My first night at the village was at one of the village head’s home. The whole family were there helping the move-out of his older daughter, who wasn’t very pretty nor polite. The able ones filled the nice-looking army-green canvas bags with barley and carried them out to be ready for the tractor load. The whole room was filled with the dust as those old bags apparently had not been moved for a long time. Two little toddlers crawled around while the mother had to helped out as well. The plan was to move all their belongings to a tent out on their summer pasture, invite guests for a gathering, and a few days later to move everything back to their brick house next to the parents.
The next day, Sanji’s phone finally worked and I switched to stay at his place. He was the only one at home, the wife, daughter and son-in-law, and their dog had all moved to their summer pasture a couple of weeks back. Their family was the designated guard this year, looking out for the whole village group’s grassland until everyone was ready to move.
Sanji called them and asked to send the wife home. We talked the usual politics until the son-in-law brought her, as well as their cute little grand daughter home. She was shy at first, pretending to be sleeping then hide behind Sanji’s wife, but soon, she climbed all over and wanted to check out everything in my bags and pockets. It felt good to be sure I can communicate clearly to the villagers through Sanji.
Rained again. So we stayed in. They put me to good use making moomoo — yak-meat filled bun with the wife. The little girl loved them. Gradually, I got used to the smell of the yak-dung fire. Mixed with the smell of burning barley, which people some time do for good luck, it sits well in my olfactory memory.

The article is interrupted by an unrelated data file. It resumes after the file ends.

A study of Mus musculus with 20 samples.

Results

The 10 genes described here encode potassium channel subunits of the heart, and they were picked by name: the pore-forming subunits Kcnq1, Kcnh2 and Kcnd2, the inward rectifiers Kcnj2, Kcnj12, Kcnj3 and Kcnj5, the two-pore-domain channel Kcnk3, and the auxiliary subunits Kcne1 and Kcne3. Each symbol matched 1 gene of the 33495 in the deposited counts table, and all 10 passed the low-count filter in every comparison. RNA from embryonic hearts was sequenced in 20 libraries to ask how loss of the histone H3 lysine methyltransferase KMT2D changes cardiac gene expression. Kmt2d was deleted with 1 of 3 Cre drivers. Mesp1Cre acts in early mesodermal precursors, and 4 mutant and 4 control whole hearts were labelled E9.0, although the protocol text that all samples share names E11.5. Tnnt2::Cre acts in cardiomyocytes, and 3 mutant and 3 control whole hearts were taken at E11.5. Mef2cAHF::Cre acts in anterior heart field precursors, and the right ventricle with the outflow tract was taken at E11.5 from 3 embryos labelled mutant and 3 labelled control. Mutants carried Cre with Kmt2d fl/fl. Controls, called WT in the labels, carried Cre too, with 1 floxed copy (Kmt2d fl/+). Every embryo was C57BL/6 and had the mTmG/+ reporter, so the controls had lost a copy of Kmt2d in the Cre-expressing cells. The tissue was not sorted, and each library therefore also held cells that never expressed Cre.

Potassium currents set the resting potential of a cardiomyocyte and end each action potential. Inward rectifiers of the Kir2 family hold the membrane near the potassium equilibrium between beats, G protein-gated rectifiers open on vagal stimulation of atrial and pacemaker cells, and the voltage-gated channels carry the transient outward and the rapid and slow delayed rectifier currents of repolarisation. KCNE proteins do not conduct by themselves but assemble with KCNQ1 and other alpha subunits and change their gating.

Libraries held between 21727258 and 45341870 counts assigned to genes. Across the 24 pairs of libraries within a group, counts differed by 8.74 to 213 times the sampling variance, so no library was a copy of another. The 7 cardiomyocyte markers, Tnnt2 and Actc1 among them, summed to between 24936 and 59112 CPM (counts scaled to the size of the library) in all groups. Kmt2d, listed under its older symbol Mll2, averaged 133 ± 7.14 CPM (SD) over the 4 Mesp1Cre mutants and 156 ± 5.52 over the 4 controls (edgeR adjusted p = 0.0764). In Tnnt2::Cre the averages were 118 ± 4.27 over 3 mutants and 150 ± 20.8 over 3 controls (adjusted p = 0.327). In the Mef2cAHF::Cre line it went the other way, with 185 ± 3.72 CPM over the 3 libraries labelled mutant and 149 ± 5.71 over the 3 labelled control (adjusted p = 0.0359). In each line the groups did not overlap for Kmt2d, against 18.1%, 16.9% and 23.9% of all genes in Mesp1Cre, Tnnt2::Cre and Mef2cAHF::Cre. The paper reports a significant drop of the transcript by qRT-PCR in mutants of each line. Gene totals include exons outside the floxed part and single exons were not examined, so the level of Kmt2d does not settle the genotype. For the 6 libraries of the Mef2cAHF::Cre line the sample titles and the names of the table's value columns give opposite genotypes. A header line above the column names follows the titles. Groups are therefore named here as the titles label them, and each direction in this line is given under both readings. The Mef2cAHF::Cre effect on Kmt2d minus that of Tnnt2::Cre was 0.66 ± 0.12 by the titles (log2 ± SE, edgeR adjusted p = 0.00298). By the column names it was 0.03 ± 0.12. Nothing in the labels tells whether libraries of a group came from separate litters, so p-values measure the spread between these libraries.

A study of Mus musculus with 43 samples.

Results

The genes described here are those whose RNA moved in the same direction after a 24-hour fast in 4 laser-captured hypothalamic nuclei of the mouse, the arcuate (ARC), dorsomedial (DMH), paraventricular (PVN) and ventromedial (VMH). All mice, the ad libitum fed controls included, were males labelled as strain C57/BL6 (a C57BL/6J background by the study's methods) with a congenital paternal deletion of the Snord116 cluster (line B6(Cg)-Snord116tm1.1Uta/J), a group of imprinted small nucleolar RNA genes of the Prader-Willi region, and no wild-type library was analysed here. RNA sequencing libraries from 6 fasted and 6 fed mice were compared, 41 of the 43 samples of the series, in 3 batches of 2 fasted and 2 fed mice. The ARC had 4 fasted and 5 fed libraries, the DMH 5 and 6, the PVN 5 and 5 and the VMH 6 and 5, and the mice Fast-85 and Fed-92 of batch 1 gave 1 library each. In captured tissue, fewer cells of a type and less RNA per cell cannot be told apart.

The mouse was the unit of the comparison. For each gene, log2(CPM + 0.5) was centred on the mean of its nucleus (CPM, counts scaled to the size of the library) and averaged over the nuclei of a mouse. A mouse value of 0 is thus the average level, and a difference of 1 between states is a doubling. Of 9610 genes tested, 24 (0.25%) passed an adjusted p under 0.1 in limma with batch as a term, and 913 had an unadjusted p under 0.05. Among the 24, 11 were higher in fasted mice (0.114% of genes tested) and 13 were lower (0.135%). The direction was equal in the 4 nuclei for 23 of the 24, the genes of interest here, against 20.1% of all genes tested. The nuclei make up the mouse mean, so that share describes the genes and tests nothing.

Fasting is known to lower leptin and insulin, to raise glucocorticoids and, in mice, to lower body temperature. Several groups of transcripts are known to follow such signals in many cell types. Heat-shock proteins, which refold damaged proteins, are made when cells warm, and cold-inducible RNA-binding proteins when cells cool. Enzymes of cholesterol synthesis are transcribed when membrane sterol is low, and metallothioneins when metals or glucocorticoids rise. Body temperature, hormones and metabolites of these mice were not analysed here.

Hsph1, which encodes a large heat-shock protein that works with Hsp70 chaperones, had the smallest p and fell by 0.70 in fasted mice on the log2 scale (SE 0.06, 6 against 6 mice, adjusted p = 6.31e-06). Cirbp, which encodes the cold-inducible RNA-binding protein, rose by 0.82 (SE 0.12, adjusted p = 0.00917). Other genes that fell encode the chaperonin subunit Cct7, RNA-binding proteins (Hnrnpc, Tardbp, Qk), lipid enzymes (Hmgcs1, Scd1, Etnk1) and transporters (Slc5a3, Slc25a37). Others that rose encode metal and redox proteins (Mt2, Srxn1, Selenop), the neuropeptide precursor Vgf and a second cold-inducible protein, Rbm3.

Things have to be done slowly here.
And finally a good day for going out to the summer pasture.
Incredibly bumpy ride across the grassland. I liked it though, so out-there. Pika-like rodents everywhere it was hard not to run some over. I think they have to do with some imbalance in the ecosystem as well — it’s good to have some of them but it seems way too many for this type of environment now.
Even though the grassland was patched with desert, they are still beautiful to look at. Wide open.
Sanji’s family set their tent close to the foot of a sandhill in the grassland. It was good to see his daughter. We took a short break for tea ( da-cha, the original Tibetan tea before they adopted the leafy Chinese tea) and Sanji rode me out to see the desert, again.
Very light drizzle but nothing serious enough from the look of the cloud. With enough time, I can set the tripod out and film as long as I needed to, a luxury I didn’t have last time. In the middle of these sand hills was a lake, or what little remained of a used-to-be big lake the locals called it Bird Lake. A few white egrets and cranes lingered around. I wished I could see what it was like before. It was a good vantage point though, to film the surrounding sandy hills. I got an idea to experiment — a composite shot from all the angles I’ve gotten — will see how that could turn out.
Three Tibetan antelopes showed up in the distance out of my surprise. They kept the distance as we tried to move for a closer look. Sanji tried to herd them toward me but they out-smarted him quickly and vanished into the desert hill.
In addition to long shots, I got to do some close-ups as well of the little grass, flowers, and just sand. Another time, another weather, I’ll do some more.
Back at the tent, Sanji’s older daughter as well as her husband and their little boy came for a visit. Their summer land was not so far away. After dinner together, they set off on their horses, the baby boy in front of the father, and sang their way into the distance, half grassland, half desert. That image really moved me. For whatever reasons I chose to do this project, that would add to one of them.